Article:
He came to measure and replace something, hobbling painfully up the stairs with a wounded knee - a crusty New Englander who looked older than his years. He chewed gum loudly and threw his clipboard upon the bed as if it were his own personal possession, dropping things here and there of pencils, paper, a supplier's brochure. None of this was done but with an air of innocence, of long practiced work that had developed certain habits of the trade, certain ways of relating.
He surveyed the work to be done quickly, having his own way of summing up the measure of what was needed, and almost as soon as he had begun, he was finished. He then hobbled painfully down the stairs, clearly uncomfortable though stoic, speaking of the surgery that he hoped would fix his knee. This was to take place in a number of days - surgery he should have had two years ago, he said, but he had had other things on his mind. Now, he was hoping for the best. He told me this as he sat on the two lowest steps, relacing the boots I had asked him to remove when he came in.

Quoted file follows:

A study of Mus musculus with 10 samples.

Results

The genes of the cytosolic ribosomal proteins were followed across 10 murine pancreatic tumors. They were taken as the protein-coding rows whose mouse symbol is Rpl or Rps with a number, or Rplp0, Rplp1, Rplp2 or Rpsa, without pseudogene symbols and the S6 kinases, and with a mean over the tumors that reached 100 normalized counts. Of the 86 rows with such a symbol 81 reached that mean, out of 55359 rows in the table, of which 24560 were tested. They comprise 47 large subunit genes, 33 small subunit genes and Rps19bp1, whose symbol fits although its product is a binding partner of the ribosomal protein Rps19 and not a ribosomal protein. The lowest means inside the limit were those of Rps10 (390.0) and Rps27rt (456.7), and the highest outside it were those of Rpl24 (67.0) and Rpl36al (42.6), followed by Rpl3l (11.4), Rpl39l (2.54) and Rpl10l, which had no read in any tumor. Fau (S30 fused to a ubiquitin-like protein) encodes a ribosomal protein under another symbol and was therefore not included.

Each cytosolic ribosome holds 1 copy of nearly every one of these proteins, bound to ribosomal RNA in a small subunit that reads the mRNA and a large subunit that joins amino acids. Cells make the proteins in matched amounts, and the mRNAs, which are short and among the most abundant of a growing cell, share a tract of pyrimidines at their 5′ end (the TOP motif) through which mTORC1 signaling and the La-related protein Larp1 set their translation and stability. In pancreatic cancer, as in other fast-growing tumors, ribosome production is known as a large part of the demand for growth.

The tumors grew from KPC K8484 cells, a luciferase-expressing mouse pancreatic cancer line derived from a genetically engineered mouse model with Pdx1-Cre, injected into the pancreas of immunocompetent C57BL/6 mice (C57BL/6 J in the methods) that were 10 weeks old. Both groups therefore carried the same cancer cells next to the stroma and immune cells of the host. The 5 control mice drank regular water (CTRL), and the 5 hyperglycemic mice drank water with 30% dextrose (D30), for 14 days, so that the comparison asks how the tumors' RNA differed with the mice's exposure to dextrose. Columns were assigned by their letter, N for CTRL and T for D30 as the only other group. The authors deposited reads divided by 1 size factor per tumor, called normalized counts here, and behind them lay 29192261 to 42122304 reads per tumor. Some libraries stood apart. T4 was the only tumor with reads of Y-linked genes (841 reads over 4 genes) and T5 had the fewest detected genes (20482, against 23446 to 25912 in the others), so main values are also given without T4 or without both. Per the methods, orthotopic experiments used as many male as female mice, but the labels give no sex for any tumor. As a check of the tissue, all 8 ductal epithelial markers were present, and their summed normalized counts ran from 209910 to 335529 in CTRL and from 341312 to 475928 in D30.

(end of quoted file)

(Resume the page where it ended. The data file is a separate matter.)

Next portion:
"May I take your hand?" I asked. He put his hand out gently without asking for an explanation. "I'm a healer," I told him," and I'd like to help make your surgery easier." His hand rested in mine while he talked once again about his surgery. His hand felt soft and gentle between my palms despite the callouses, and I felt his trust, and I felt his innocence. He took his hat off then and said to me that he should remember not to wear a hat in the house. A subtle remembrance - a sign of respect and honoring that was taking place as I held his hand.
"Oh, well. Gotta go," he said. "I'll get back to you in a couple of days about the work." And he was gone in an instant, on to his next job.